The Gorham Town Council Tuesday unanimously tabled a plan to create a South Gorham Crossroads zone to allow multi-family housing and a mix of commercial uses while excluding single-family homes.

The measure would rezone a vast area from the westerly side of part of Brackett Road that is now zoned as suburban residential and rural. The new zoning area would include McLellan Road, Mahlon Avenue, Beatrice Drive, Sophie Lane, part of South Street, Washburn Drive and Straw Road. The tract also includes a large chunk of the state’s Narragansett Game Sanctuary where hunting is prohibited.

Allowable uses under the proposed change would include daycares, hotels, gas stations, light industrial, and retail stores.

The area is positioned to become a high growth area with its proximity to Westbrook, Scarborough, South Portland and the Portland International Jetport. The Maine Turnpike Authority plans to build a 6-mile connector from Gorham’s Bernard P. Rines Bypass roundabout on South Street to the pike’s Exit 45.

Peter Mills, executive director of the turnpike authority, told the council Tuesday it already has bought land in that area of Gorham, but does not yet have a permit for the project.

Town Councilor Virginia Wilder Cross favored stepping back from passing the zoning proposal. She wants to know “exactly where” the turnpike connector is going to go.


Town Councilor Phil Gagnon pointed out that Central Maine Power has a power substation in the area.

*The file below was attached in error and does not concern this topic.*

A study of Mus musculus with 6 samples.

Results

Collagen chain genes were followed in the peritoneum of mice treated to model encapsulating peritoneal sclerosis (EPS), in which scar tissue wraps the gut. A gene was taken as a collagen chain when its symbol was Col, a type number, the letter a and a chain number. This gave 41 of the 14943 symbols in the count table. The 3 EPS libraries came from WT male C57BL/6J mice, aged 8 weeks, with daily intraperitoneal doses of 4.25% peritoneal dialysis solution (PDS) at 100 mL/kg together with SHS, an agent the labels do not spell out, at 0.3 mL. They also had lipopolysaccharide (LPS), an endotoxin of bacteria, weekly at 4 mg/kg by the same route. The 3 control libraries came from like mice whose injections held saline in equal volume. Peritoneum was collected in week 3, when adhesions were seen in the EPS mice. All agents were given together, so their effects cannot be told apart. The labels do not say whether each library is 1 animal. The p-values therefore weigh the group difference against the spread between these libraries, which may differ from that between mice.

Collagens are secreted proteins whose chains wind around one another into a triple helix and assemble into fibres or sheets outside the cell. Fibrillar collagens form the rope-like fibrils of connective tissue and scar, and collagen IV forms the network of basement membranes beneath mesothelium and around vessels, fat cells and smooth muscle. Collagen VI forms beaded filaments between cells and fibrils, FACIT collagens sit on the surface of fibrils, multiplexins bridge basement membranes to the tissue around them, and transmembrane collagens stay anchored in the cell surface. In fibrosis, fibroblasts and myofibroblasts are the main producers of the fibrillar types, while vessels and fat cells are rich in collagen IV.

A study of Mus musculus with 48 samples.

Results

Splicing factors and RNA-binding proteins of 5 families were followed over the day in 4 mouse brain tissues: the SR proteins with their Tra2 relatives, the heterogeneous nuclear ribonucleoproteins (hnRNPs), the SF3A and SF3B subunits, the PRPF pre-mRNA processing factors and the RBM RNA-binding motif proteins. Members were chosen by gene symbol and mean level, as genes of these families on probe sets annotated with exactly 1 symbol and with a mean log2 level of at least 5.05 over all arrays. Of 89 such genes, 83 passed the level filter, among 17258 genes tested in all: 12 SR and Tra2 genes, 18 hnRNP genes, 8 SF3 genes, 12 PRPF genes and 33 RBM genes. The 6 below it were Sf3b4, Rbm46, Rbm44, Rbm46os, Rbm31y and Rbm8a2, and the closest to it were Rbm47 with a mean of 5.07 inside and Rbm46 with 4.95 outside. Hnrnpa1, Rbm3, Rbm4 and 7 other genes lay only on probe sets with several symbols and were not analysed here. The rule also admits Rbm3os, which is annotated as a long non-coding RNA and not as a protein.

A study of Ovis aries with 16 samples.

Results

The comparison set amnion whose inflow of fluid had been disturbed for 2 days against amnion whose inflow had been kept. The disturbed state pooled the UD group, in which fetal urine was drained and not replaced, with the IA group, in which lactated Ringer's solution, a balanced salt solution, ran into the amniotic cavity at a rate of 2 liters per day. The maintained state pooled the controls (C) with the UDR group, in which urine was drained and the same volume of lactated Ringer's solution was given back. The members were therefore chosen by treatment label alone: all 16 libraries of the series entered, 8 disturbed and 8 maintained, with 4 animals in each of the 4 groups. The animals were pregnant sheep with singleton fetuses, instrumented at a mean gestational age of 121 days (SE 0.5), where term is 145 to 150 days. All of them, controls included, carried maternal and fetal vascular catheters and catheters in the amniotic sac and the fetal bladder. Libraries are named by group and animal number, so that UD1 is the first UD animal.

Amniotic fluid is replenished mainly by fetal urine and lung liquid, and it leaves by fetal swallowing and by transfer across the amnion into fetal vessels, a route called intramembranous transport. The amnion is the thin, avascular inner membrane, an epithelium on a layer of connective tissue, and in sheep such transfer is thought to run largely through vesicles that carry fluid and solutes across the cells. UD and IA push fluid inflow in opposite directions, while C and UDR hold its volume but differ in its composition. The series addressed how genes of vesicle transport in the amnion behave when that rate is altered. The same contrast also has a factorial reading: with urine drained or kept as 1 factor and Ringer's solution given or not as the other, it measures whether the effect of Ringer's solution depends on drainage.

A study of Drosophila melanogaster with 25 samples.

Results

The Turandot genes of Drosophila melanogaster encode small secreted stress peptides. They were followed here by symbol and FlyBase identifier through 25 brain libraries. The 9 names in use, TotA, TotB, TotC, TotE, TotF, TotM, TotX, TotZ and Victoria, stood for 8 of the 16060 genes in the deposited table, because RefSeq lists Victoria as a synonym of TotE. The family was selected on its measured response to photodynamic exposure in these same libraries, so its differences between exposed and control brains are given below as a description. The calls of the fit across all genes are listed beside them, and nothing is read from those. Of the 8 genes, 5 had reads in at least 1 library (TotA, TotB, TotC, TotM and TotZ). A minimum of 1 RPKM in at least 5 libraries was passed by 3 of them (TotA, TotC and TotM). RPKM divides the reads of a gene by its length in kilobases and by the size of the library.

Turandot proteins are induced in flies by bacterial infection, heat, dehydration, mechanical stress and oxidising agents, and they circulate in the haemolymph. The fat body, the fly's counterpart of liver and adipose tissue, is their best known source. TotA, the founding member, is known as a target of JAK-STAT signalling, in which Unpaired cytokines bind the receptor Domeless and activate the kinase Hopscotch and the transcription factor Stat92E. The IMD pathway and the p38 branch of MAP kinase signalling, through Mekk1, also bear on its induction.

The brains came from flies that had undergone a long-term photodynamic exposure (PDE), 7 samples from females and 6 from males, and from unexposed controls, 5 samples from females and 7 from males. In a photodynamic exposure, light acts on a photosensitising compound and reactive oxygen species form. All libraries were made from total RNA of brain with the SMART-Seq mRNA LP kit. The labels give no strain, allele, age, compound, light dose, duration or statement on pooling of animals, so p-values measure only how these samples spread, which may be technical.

“This is a corridor for electricity,” Gagnon said and asked whether anyone had reached out to CMP.

Washburn Drive resident Kathy West, who owns 12 acres in the proposed South Gorham Crossroads, said her land would not be marketable under the change. Soils in her neighborhood would not support multi-family housing, she said, and she urged the council to reconsider.

Gagnon said residents feel they are going to lose equity in their property.

“I don’t believe we’ve heard enough from the community,” he said.

Harold Hawkes, owner of the inactive Gorham Country Club on McLellan Road, said it’s unfair that his neighbors would not be allowed to build single-family homes but residents elsewhere would.


“Throw it in the dumpster,” Hawkes said of the proposed zoning change.

The proposed South Gorham Crossroads area is not served by public water or sewer. Mills said the town should develop a plan to extend Sebago Lake water to the area. A market for multi-family housing won’t come without water, Mills said.

Town Councilor Seven Siegel said, however, that funding for water and sewer would not come until after a zone change.

In other action, the board 6-1, with Gagnon opposed, adopted the urban residential expansion district for the Gray Road, Libby Avenue and Queen Street area to comply with the town’s Comprehensive Plan passed in 2016.

The board also approved adopting the South Gorham Commercial Corridor along County Road (Route 22), and to include Blue Ledge Road and a lower part of South Street.

The board also unanimously approved accessory dwelling units. An accessory apartment is permitted in all zones that allow a single-family dwelling or where one exists.